October 08, 2009|Christi Parsons

WASHINGTON — President Obama shifted his focus to Pakistan on Wednesday as his advisors dug more deeply into their reassessment of U.S. strategy for neighboring Afghanistan and approached the question of whether to further increase troop strength there.

Eight years to the day after the Afghanistan war began, the president was reviewing a recommendation from his commander there, Army Gen. Stanley A. McChrystal, that suggests a range of troop increases depending on the strategy chosen. White House officials say Obama is weeks away from a decision.

In Kabul, the Afghan capital, a large explosion took place near the Indian Embassy this morning. Early unconfirmed reports suggested as many as seven people died in an apparent suicide car bombing. Indian news reports said the blast did not breach a large concrete security perimeter.

In a meeting Tuesday with members of Congress, Obama made it clear that he is not entertaining the idea of withdrawing U.S. troops from Afghanistan or dramatically reducing their numbers, nor does he want to narrow the scope of the effort to ferreting out Al Qaeda and its allies.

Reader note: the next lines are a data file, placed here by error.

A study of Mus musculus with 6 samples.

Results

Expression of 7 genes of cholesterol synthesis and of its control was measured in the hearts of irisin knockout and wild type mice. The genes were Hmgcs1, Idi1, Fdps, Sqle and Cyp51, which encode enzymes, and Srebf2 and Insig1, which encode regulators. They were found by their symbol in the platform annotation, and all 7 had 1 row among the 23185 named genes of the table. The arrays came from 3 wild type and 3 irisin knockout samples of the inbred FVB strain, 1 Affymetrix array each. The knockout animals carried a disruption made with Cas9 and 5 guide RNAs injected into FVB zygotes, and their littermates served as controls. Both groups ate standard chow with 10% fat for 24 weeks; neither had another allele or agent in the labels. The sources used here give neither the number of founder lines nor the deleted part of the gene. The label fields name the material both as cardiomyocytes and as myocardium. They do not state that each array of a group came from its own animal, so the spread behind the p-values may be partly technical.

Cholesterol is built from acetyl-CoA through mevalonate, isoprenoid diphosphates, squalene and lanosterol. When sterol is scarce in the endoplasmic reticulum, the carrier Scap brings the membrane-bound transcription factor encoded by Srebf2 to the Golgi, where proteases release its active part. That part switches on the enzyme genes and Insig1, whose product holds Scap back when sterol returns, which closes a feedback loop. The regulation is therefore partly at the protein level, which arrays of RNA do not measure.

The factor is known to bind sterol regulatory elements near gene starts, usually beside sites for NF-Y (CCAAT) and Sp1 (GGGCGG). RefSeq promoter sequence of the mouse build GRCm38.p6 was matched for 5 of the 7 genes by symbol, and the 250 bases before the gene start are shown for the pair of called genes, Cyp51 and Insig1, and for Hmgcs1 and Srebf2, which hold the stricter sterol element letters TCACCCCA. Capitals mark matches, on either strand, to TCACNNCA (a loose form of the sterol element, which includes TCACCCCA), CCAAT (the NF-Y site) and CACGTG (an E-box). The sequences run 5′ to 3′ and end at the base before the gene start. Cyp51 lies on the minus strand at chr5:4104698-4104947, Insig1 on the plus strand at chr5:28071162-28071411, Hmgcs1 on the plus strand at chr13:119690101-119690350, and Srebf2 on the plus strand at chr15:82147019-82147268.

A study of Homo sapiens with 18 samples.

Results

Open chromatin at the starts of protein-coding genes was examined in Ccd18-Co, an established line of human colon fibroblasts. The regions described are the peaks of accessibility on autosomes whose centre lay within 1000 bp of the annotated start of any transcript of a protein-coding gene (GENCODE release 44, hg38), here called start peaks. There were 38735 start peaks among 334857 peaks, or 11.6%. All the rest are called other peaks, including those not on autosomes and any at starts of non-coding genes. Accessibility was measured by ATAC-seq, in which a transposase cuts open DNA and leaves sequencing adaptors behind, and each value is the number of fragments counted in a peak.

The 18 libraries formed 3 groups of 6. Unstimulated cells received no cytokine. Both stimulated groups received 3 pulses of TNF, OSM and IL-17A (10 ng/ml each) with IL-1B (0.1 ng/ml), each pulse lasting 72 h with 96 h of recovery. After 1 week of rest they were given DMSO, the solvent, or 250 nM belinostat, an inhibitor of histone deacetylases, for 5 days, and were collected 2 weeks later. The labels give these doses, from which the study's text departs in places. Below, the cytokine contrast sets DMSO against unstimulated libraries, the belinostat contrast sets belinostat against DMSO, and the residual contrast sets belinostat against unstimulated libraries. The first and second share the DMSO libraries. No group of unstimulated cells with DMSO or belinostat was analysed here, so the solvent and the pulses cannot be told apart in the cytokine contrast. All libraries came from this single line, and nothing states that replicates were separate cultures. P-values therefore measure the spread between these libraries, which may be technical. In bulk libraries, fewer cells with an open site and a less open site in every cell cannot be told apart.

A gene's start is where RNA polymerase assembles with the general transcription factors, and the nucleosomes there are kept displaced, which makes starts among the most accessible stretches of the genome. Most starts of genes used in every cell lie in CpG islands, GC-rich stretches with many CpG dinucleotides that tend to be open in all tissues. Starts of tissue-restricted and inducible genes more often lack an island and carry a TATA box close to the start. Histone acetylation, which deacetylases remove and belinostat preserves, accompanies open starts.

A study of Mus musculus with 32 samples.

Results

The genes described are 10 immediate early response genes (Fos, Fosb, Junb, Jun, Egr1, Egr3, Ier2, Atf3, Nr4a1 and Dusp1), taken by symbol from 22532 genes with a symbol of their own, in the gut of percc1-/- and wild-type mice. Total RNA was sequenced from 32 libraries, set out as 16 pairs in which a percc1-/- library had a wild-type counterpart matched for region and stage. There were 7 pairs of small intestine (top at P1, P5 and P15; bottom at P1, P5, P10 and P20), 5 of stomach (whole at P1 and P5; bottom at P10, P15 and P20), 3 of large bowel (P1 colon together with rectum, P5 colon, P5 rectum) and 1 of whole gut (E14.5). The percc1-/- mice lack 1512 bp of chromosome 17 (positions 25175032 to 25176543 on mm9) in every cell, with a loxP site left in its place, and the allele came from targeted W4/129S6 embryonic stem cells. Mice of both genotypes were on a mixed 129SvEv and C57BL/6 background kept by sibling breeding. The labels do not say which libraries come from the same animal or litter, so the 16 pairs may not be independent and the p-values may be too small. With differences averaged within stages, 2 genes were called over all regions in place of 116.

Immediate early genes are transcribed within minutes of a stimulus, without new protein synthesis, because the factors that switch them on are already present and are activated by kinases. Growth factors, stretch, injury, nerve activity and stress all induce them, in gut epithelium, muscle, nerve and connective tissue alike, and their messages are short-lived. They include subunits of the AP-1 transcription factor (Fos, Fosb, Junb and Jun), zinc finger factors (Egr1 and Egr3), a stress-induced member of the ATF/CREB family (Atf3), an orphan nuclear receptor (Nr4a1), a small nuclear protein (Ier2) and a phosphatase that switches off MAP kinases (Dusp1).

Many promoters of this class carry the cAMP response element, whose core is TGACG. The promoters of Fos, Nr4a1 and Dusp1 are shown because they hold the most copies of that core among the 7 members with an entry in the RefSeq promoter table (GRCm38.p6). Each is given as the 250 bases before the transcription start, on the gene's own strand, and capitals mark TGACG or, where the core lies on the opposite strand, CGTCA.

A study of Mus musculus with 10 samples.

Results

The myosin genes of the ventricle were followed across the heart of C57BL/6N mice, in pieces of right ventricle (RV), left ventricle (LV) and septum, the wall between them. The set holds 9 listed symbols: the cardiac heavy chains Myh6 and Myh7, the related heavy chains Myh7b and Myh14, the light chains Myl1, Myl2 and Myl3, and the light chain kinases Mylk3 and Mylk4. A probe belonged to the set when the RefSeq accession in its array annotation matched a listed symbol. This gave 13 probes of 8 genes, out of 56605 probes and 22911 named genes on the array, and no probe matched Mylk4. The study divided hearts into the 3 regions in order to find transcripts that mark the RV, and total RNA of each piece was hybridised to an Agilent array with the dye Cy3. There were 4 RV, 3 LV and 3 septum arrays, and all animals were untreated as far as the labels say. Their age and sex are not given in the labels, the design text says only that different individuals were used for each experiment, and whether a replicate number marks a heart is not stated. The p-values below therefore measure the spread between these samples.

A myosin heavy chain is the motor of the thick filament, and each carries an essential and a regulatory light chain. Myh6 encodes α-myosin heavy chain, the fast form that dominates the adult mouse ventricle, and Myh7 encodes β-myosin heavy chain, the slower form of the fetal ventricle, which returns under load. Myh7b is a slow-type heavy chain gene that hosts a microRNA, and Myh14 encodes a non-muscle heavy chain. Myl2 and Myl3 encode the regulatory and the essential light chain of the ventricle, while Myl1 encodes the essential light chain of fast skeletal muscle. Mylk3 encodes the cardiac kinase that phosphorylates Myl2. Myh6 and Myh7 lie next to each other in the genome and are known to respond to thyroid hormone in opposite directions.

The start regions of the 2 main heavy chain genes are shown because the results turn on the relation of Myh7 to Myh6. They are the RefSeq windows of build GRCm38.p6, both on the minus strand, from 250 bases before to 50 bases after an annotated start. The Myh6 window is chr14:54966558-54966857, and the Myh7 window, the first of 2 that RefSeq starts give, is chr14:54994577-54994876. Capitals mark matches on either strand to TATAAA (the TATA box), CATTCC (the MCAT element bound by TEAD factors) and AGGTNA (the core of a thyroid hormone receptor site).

McChrystal has presented Obama with reports evaluating strategy and parsing the various merits of troop increases before ultimately asking for a particular number -- reportedly an additional 40,000.

Wednesday's three-hour session was devoted to Pakistan, where Al Qaeda's leadership is believed to be hiding. An administration official said the president remains focused on the goal of "disrupting, dismantling and defeating" Al Qaeda, but also noted that Obama is looking for ways to "improve cooperation."